The University of Toronto recently completed construction of a new addition to its School of Architecture. The top floor of the new Daniels Building features an expansive 16,000-square-foot open space designed to function as a studio and study hall. The space features no interior walls or structural columns.
Towering above the massive space is a very contemporary drywall ceiling designed to replicate wings. Hyperbolic paraboloid in shape, four angled drywall ceiling slabs gently twist from one side of the space to the other.
Creating the complex framing on which to attach the drywall was a key consideration. Project designers initially considered metal studs. However, a number of factors presented potential problems, including the overall size and twist of each ceiling surface.
According to Robert Dell’Elce, Vice President of Nelmar Drywall Company of Vaughan, Ontario, “Once we saw the initial drawings, we had our doubts it could be done with metal studs because of all the twists and turns.”
To find an alternative, the drawings were sent to Armstrong Ceiling Solutions to see if a drywall grid system was feasible. “We were familiar with drywall grid from a previous project and thought it would work here because of the flexibility it offered compared to metal studs,” he says.
The drywall grid system maintained the curvature of the ceiling very well, even without wetting the 5/8” drywall.
Full-Scale Mock-Up Created
In order to ascertain that drywall grid would perform as desired, Armstrong Ceilings created a full-scale mock-up at the local union training center. “The mock-up showed that the framing was possible using drywall grid and that gave us a level of confidence to proceed,” Dell’Elce says.
Following approval for its use, an initial challenge was the fact that this would be the first time many of the installation crews would be working with drywall grid, let alone on such an unusual shape. To remedy this, Armstrong Ceilings held on-site training sessions to help ensure a hassle-free installation. “The jobsite training we received was a huge help,” Dell’Elce states, “otherwise it could have been a nightmare.”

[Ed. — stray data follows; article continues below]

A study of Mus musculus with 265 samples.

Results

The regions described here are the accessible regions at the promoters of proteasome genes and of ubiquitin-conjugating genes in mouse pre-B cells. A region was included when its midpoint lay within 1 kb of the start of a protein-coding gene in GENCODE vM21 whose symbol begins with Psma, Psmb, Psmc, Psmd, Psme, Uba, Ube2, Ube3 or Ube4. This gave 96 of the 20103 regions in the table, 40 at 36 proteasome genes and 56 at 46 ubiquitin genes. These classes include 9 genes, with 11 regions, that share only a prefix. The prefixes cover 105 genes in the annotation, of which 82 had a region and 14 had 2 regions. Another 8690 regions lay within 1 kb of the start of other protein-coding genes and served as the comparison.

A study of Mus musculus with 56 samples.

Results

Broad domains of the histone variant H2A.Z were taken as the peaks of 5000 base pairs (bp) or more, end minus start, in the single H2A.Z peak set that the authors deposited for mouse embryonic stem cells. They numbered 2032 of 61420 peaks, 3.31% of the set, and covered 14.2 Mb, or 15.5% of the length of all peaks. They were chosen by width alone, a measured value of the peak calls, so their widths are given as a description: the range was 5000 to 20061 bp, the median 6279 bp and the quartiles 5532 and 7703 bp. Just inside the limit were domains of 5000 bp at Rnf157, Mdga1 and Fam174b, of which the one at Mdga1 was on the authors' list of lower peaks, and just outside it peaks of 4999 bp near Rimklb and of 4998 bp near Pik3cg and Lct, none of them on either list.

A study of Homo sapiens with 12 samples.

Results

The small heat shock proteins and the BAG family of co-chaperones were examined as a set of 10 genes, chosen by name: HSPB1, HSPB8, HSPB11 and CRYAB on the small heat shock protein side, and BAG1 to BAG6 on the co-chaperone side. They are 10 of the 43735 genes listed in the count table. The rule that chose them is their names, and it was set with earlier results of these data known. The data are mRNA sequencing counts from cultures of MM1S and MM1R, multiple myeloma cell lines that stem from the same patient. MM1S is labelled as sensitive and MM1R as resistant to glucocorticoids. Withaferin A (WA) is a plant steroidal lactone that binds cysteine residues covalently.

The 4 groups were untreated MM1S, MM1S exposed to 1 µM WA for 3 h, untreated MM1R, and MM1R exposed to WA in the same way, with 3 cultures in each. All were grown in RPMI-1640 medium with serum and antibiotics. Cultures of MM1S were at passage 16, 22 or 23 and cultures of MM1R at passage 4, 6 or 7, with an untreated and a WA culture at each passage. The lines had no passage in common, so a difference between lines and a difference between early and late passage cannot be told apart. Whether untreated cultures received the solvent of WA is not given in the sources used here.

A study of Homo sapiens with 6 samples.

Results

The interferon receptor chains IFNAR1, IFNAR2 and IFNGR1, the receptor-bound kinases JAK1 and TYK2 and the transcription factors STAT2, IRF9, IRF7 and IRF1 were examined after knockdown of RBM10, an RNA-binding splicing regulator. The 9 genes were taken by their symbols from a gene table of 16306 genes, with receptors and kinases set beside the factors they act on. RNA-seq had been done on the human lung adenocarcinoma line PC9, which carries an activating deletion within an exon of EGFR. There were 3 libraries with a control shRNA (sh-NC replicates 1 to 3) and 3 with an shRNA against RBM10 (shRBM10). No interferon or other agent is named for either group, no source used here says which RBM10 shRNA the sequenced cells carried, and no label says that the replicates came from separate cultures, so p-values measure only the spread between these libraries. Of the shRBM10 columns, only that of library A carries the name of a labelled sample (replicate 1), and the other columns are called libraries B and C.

Foreman Chris Morgan notes that the crews learned the technique quickly since “everything essentially snaps together just like normal T-bar grid systems.” Because of the ease and speed of installation, he estimates the drywall grid system probably installed in half the time as the original steel stud system, significantly reducing labor on the project.
Designed to replicate wings, the angled drywall ceiling slabs gently twist from one side of the space to the other.
Morgan also notes that the drywall grid system maintained the smooth curvature of the ceiling very well, even with 5/8” drywall. “We were surprised how well the drywall mirrored the curve of the ceiling without having to wet it,” he states.
Looking back at the project and his first experience with a drywall grid system, Morgan states, “I would use it anytime I can now, especially in curved situations. I was amazed it worked so well.”
And as far as the future, Dell’Elce notes that the system is definitely increasing in use, stating, “Drywall grid is becoming much more common now as more and more architects become familiar with it.”
For additional information on Armstrong® Drywall Grid Systems, visit armstrongceilings.com/drywallgrid.